Determine the level of IA-32 processor-architecture compatibility an application provides. Many applications today must support hardware for at least five years. This is forever in terms of hardware technology, when you consider that five years ago the most common business computer was based on the Intel® Pentium® processor. The first release of the Pentium processor preceded MMX™ technology. Today's processors are on their third generation of specialized multimedia instructions.
Match the multimedia instruction types required by the application to the corresponding processor architecture. The following table shows a list of Intel processors (Processor type and multimedia instruction support) and the Single Instruction Multiple Data (SIMD) instruction sets they support (Instruction Types).
|Pentium® Pro processor||Yes||No||No||No|
|Pentium processor with MMX™ Technology||Yes||Yes||No||No|
|Pentium® II processor||Yes||Yes||No||No|
|Pentium® III processor||Yes||Yes||Yes||No|
|Pentium® 4 processor||Yes||Yes||Yes||Yes|
The next table gives additional detail about instruction types:
|Instruction Type||Comments||Precision (in bits)|
|X87 Instructions||The minimum microprocessor support.||80-bit internal|
|MMX™ Technology||MMX Technology instructions provide integer SIMD support. Eight 64-bit registers. MMX cannot be used at the same time as the floating-point unit. MMX Technology registers are mapped onto the floating-point registers, requiring the EMMS instructions to pass from MMX Technology code to x87 floating-point code; make sure there is a separation of floating-point code from MMX Technology code.
MMX Technology is useful for 2D graphics and blending images. Data should be 8-byte aligned.
|Streaming SIMD Extensions (SSE)||SSE uses eight 128-bit general-purpose registers, each of which can be directly addressed using the register names XMM0 to XMM7. Each register consists of four 32-bit single precision, floating-point numbers, numbered 0 through 3.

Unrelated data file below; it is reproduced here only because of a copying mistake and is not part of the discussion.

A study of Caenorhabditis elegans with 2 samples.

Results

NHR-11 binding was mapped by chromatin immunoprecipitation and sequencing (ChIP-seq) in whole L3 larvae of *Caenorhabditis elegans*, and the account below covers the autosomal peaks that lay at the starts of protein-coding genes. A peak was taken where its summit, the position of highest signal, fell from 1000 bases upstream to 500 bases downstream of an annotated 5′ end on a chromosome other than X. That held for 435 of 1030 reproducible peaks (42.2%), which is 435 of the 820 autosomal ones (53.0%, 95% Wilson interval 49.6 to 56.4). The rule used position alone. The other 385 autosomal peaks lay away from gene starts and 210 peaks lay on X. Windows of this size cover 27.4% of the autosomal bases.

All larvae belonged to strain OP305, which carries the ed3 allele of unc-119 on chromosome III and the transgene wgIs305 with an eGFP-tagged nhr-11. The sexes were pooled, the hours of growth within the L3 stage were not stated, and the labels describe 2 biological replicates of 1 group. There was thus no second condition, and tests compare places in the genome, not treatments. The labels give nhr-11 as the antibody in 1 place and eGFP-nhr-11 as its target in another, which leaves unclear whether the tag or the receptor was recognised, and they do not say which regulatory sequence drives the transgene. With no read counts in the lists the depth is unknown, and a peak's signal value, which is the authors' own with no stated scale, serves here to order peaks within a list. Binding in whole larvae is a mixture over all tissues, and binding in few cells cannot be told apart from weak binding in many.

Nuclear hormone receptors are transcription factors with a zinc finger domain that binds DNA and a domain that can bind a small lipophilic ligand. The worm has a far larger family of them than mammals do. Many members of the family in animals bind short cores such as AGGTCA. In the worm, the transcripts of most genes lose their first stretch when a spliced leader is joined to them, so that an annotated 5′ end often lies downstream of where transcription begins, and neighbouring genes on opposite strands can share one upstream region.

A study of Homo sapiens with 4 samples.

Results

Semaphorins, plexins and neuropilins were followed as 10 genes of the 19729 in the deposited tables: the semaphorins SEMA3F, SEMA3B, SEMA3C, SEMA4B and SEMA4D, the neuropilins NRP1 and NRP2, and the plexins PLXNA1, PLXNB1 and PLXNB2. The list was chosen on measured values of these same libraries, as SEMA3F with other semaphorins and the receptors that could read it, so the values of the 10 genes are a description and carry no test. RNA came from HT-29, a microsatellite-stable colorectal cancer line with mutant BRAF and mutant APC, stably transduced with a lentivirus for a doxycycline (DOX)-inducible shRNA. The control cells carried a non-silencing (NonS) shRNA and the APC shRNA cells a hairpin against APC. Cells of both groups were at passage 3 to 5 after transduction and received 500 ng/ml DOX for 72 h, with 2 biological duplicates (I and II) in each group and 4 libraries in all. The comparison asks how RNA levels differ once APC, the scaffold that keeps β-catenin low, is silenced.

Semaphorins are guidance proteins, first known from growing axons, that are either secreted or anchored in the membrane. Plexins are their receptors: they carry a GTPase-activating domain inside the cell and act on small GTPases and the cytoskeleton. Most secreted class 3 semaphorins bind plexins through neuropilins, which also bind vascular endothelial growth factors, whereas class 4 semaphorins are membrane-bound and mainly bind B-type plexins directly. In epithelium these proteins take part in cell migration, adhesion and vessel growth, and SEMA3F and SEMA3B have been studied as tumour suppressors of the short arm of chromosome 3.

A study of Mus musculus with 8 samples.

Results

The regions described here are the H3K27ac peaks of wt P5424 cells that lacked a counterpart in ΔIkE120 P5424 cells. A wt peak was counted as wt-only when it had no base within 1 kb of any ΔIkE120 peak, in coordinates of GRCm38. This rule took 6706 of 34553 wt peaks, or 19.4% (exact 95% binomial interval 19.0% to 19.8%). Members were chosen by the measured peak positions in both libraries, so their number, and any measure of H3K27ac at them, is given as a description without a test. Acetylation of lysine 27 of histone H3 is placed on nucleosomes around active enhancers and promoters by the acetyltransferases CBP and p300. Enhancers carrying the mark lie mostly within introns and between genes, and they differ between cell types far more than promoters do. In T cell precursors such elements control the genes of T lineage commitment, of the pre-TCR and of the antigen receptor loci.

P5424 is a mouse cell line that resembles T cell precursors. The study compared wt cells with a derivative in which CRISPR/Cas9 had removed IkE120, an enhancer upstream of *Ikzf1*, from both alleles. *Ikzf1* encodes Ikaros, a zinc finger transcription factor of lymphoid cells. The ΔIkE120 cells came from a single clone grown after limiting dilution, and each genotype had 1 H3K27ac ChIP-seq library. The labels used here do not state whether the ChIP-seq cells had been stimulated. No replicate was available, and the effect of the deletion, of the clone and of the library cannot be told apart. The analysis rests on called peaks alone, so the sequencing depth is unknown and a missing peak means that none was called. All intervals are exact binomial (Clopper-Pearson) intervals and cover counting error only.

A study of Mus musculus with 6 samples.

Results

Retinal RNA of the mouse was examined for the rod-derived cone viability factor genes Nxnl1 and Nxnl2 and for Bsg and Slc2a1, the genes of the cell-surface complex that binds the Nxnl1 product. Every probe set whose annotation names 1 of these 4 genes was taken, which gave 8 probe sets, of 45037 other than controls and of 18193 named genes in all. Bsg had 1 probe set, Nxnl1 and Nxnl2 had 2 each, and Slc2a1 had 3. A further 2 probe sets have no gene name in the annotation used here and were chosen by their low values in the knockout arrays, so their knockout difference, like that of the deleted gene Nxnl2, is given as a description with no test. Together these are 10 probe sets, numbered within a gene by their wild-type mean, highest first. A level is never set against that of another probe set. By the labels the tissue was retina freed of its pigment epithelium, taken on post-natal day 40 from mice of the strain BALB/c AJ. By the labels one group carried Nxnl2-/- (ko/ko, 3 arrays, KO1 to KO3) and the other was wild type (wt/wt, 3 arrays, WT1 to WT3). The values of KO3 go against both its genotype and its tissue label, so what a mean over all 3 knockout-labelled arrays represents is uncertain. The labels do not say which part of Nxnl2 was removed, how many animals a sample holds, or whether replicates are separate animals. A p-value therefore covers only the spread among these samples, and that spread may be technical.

SIMD floating-point registers are separate registers, so MMX Technology or floating-point instructions can be mixed with SSE instructions without execution of a special instruction.
|32-bit, single precision|
|Streaming SIMD Extensions (SSE) (cont)||The eight new 128-bit registers can do single-precision floating-point operations. Unlike MMX Technology, these instructions can be used near normal floating-point code. Data alignment is important. Make sure your floating-point vectors are 16-byte aligned. SSE also added pre-fetch instructions.||32 bit, single precision|
|Streaming SIMD Extensions 2 (SSE2)||SSE2 uses the same eight 128-bit registers as SSE. New instructions are added to support double-precision floating-point values and vectors consisting of 2 double-precision components. SSE2 also allows the old MMX Technology instructions to use the new registers, getting rid of the restrictions on MMX Technology and allowing twice as much data to be processed in a single instruction.||64 bit double precision|
So how can you best take advantage of new multimedia instructions? Some compilers do a good job in taking advantage of using multimedia instructions. There is no replacement for hand optimization on specific "hot spots" of code, however. Generally, it is best to optimize for the latest set of multimedia instructions, because it is a superset of other earlier instructions, and the end user can therefore benefit most. Typically, it is best to create two different code paths: one code path for the least common denominator of processors, and one code path for the processor with the latest set of multimedia instructions.
How Much is Optimizing Floating-Point Operations Worth?